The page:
Published by Kartik Subramaniam
Buying a home is a huge commitment – arguably, one of the biggest commitments you'll make in a lifetime. Because of this, the buying process can’t be taken lightly. Homeownership comes with many new responsibilities, and finding the perfect property takes both patience and due diligence. However, if done correctly, owning a home can be both financially and personally rewarding.
Whether you’re buying your first home or your “forever” home, it’s incredibly easy to fall in love with a certain property and overlook vital details. If you’re ready to take the leap, you need to ask some key questions before buying a home.
The logical place to start in any home search is determining your budget. If you don’t consider how much you can afford independently of a mortgage company, you run the risk of taking on the maximum loan you’re approved for – whether you can actually afford that payment or not. In general, it’s smart to keep your monthly payment at or below 25 percent of your take-home pay.
While many prospective buyers are under the assumption a 20-percent down payment is required to buy a home, this is simply not the case. In fact, the average first-time buyer puts just six percent down, and certain loans require as little as zero. The right down payment for you depends on your financial situation, savings and goals. However, if you can afford it, a 20-percent down payment allows you to avoid paying for private mortgage insurance (PMI).
The down payment isn’t the only cash you’ll be spending on closing day. You’ll most likely also be responsible for closing costs, which can range from between two and five percent of your home’s purchase price. Your lender will provide you with a complete breakdown of the costs before closing day.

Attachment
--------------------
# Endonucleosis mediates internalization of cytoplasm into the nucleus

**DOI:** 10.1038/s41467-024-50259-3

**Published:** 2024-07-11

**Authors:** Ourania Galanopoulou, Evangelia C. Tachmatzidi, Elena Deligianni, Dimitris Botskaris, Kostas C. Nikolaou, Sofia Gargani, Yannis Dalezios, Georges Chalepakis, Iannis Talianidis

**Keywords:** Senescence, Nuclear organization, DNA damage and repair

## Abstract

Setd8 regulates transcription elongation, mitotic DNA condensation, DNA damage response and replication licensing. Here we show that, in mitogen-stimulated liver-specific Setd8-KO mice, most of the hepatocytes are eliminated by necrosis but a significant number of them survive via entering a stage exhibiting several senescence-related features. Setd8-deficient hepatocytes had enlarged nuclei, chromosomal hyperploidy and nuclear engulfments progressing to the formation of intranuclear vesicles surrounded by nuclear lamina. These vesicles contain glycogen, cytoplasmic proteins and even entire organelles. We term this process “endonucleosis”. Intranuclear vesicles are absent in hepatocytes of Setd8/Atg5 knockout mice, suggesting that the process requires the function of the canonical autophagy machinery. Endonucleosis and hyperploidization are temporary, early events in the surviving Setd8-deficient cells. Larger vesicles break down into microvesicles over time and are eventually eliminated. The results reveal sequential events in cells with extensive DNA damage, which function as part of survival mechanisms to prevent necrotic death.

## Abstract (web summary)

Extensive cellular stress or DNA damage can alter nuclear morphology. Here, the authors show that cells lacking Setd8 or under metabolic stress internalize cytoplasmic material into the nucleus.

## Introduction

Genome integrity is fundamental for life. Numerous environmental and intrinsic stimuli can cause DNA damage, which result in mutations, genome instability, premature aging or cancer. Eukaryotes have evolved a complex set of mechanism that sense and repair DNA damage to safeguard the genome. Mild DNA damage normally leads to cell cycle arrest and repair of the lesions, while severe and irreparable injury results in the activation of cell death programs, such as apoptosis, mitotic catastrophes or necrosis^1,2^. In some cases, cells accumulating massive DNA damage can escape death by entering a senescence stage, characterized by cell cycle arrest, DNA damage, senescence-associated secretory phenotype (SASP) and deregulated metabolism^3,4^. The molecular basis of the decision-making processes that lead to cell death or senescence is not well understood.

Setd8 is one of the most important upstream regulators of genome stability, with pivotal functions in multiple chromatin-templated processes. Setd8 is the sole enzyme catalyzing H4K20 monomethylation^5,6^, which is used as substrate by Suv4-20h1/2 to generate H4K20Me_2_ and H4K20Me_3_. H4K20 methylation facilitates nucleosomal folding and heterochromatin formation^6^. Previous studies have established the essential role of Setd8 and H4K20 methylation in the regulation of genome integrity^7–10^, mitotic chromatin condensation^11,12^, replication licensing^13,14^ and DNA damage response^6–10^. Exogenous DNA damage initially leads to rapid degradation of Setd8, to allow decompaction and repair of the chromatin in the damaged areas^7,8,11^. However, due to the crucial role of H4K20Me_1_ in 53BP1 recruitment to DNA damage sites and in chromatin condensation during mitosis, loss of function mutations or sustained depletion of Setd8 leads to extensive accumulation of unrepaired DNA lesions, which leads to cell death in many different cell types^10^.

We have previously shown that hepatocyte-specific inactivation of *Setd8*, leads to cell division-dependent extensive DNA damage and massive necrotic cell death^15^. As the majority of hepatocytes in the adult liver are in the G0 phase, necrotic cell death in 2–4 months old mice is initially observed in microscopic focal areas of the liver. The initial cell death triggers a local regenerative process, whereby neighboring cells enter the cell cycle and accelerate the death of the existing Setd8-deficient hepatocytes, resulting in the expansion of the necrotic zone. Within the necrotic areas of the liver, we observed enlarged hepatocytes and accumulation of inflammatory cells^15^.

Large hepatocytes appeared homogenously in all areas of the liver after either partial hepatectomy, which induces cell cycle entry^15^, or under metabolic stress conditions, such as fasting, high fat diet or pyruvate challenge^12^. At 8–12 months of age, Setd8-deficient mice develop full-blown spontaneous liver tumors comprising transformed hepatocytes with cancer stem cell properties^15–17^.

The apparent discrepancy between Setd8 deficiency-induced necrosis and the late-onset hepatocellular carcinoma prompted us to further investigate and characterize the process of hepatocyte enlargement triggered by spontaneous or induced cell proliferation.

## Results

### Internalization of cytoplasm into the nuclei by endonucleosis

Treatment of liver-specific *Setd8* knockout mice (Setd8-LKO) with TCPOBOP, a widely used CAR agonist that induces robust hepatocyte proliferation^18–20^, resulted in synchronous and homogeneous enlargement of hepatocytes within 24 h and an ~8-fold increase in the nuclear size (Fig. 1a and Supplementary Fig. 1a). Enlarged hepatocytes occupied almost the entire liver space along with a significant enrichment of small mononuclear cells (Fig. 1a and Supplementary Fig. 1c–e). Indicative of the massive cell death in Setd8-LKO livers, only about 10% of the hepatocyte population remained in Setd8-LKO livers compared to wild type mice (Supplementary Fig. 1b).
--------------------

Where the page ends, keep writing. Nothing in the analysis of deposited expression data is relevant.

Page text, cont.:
Keep in mind, the longer a home has been on the market, the more motivated a seller might be to make a deal. This means you may have more flexibility in the initial offer, terms, credits Keep in mind, the longer a home has been on the market, the more motivated a seller might be to make a deal. This means you may have more flexibility in the initial offer, terms, credits and more. While many homes sit on the market simply because the original listing price was too high, there are some cases where there is something drastically wrong with the home. Either way, a thorough inspection is important.
Always do your research regarding the local real estate market and recent sales in the neighborhood to help you determine if the asking price for the home you want is reasonable. This data can help you negotiate a lower offer or certain concessions, such as closing costs.
The quality of a neighborhood is one of the main reasons people choose to buy a certain home. It will also affect your ability to sell the home in the future. Because of this, it’s extremely important to research things like safety, convenience, schools and more.
Understanding a seller’s motivations for moving can give you more room for negotiation. A good buyer’s agent should be able to figure this information out and gauge how flexible the seller might be. For example, a seller relocating to a new state for a job will most likely be more motivated to negotiate than a seller simply exploring the market.
Do some research into the property’s history of insurance claims because it may affect your ability to get homeowners insurance and/or the price you’ll pay for insurance coverage. Because of this, it’s important to ask the seller for the full history of insurance claims.
Avoid taking on debt for furniture and decorations. Use what you already have, buy used and take it one room at a time. Many first-time buyers feel the need to take on another loan or more credit card debt to furnish their new place. It’s not always necessary!
Buying a home is a huge financial investment, and it is your responsibility to put in the necessary time and effort when researching potential properties. Asking the right questions and being fully prepared about the home buying process before placing an offer can save you both money and headaches down the road.